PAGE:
The Buried Secrets of Peonies by Mernegar Dorgoly – Review


Title: The Buried Secrets of Peonies

Author: Mernegar Dorgoly

Genre: Short Stories

Publisher: Independently Published and out now

Summary: from goodreads

Mernegar Dorgoly’s short story collection—The Buried Secrets of Peonies—is incredible in both its emotional breadth and intellectual honesty while taking readers through the labyrinth of post-revolution Iran.
In “Peonies”, we pull the curtain back to watch the painful yet hopeful evolution of a girl becoming a woman, and then that woman uncovering family secrets she never could have imagined.
Within the frame of these potent, unpretentious, diamond-tight stories, readers feel the author’s ultimate humanity. Ranging from the dark corners of prison cells to the grief of a mother to the captive bonds of love, this collection culminates in a fiercely passionate letter from the narrator to her mother.
These eight stories are searingly truthful, deeply felt, and ruthless in their desire to expose human complexity and frailty. This is a powerful new addition to serious short story collections in American fiction.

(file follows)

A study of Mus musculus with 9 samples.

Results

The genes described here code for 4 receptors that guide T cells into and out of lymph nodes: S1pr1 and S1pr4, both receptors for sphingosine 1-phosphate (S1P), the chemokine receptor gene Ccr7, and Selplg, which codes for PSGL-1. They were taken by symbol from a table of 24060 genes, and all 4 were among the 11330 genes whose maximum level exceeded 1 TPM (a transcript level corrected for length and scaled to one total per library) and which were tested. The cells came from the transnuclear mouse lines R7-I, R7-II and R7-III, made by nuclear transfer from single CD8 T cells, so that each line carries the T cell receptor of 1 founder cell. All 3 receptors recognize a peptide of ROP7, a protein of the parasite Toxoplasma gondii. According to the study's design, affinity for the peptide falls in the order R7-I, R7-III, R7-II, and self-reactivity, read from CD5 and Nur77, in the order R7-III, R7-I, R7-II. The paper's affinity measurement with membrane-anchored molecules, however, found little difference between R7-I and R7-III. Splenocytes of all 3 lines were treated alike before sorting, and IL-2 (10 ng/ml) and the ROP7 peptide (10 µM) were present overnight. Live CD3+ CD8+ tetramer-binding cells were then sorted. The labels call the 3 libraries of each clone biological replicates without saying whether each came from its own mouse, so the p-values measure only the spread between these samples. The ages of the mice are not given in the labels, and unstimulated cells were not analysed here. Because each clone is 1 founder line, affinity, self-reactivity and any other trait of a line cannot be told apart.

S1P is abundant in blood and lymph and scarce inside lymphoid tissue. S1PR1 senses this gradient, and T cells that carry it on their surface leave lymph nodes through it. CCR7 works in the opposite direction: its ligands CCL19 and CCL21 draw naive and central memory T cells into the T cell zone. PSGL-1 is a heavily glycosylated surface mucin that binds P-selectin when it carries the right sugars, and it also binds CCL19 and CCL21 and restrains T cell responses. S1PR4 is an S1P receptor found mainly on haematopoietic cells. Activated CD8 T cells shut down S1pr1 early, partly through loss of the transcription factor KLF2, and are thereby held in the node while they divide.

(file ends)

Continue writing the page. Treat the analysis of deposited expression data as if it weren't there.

“Stories of loss, love, separation; stories of people who I knew and stories that were passed on to keep memories alive.”

The Buried Secrets of Peonies, Mernegar Dorgoly

This is an extremely powerful slender book of short stories each of which gives a voice to the people caught up in the aftermath of the 1979 revolution in Iran. This is not a subject that I know a great deal about but that did not stop me from feeling the full emotional weight of these stories. They are all full of lyrical writing and portray people who are all very different yet have a common reason for their pain. These stories contain a great deal of sadness and overwhelming grief but there are also moments of hope and love, showing that even in the darkest of times, all is not lost. I have already read this collection more than once and it is definitely one I will return to many times. Despite the stories brief nature they manage to convey so much emotion which is in part due to the author’s connection to Iran, it’s people and it’s history. These stories, like the impactful cover of the book are haunting and memorable. I would recommend this book to anyone. This collection’s purpose is not to narrate the facts of a certain tumultuous period of time. Rather it is about giving a human face and name to the many victims and ensuring they are not forgotten. An important and worthwhile read.


I received a copy of this book from the author. My review is honest and completely my own opinions.